Earlier this week The River Trust Organisation released data from their ‘State Of Our Rivers’ report. It outlined that 0% of rivers in England were of good or high quality, and 85% of river stretches fall below good ecological standards. Read the full report here.

Simon Ogden, the chair of Sheaf and Porter River Trust, said he was ‘not surprised’ to hear these statistics, and commented further saying: “We’ve seen a huge amount of improvement over the last 40 years and I think we were assuming that that improvement would continue, but there’s a lot of evidence now that at best it’s flatlining and at worst it’s actually getting worse again.”

In Sheffield the River Don has seen a major revival over the last century, with important species of plants and wildlife returning. 

Dr Edward Shaw, 39, the managing director of Don Catchment Rivers Trust, said: “For much of the last century and up until about the 1980s the River Don was ecologically dead. Improved management of sewage and regulation of industry has led to massive improvements to water quality, so that many species have returned to the Don. However, the river is still too polluted for the most pollution sensitive species, which is why in 2022 it was classed as being in poor ecological health.”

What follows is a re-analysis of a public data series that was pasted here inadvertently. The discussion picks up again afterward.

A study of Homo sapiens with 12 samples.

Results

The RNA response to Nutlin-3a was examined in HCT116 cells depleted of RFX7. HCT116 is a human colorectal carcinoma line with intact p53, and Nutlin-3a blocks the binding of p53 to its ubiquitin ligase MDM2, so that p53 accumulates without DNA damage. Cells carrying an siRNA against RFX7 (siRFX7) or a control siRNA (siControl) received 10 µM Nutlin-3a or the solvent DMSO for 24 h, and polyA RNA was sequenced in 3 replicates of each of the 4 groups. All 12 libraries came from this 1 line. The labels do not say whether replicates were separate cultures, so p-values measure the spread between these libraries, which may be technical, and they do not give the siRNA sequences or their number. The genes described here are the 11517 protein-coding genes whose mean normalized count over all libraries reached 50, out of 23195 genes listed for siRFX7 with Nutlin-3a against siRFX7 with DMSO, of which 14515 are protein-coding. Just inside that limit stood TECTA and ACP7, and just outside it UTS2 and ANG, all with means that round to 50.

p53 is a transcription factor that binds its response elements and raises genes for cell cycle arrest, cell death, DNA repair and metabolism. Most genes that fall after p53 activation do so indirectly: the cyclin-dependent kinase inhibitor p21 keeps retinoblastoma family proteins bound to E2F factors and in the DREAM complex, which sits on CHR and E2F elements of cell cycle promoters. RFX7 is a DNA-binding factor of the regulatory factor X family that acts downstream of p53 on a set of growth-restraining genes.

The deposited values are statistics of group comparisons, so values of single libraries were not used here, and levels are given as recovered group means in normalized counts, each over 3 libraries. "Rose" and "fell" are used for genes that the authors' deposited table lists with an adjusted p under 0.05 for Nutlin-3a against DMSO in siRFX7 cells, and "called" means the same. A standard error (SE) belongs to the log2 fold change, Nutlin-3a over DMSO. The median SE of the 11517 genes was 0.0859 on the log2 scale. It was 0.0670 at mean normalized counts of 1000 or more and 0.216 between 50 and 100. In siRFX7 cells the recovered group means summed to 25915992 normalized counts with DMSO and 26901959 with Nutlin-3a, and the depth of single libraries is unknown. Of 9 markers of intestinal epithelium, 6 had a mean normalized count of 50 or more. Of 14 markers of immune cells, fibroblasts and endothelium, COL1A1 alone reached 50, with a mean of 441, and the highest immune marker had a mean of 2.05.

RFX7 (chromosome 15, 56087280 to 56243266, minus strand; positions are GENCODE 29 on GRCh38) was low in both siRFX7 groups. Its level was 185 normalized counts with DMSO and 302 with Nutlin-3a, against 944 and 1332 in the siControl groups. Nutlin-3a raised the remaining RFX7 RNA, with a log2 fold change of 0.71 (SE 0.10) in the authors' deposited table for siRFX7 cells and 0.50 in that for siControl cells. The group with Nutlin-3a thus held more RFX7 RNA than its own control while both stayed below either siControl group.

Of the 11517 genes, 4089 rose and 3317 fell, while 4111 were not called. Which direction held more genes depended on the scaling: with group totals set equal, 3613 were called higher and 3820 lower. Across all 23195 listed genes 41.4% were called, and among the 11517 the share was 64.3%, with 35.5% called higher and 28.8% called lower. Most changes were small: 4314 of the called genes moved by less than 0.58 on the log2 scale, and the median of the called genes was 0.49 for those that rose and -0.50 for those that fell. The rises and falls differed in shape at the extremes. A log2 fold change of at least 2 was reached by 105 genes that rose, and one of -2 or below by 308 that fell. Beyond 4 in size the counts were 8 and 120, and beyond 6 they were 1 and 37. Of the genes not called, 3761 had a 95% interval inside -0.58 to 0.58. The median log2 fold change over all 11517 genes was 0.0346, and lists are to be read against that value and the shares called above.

Sam Turpin, 21, runs a Sheffield based open water swimming club ‘Nips Swim Sheffield’. He believes that not enough is being done to protect our rivers: “I think that the UK Government generally should be doing more to recognise the rights of nature. We all benefit from it and it’s sad to see how far behind this country is compared to others.”

Dr Shaw says that the future of clean rivers relies on sustainable drainage systems: “We would like to see more sustainable drainage systems. More investment is needed from Yorkshire Water to deal with sewage pollution. The Environment Agency needs more funding so it has the capacity to monitor our rivers and enforce environmental regulations.”

Yorkshire Water have recently stated they are investing £180m in overflow improvements in the next two years, with further plans of a £1.4bn investment being submitted between the years 2025 and 2030. 

A Yorkshire Water spokesperson said: “We completely understand the public’s interest in the operation of our overflows and are working hard to reduce the number of sewage discharges across the region.”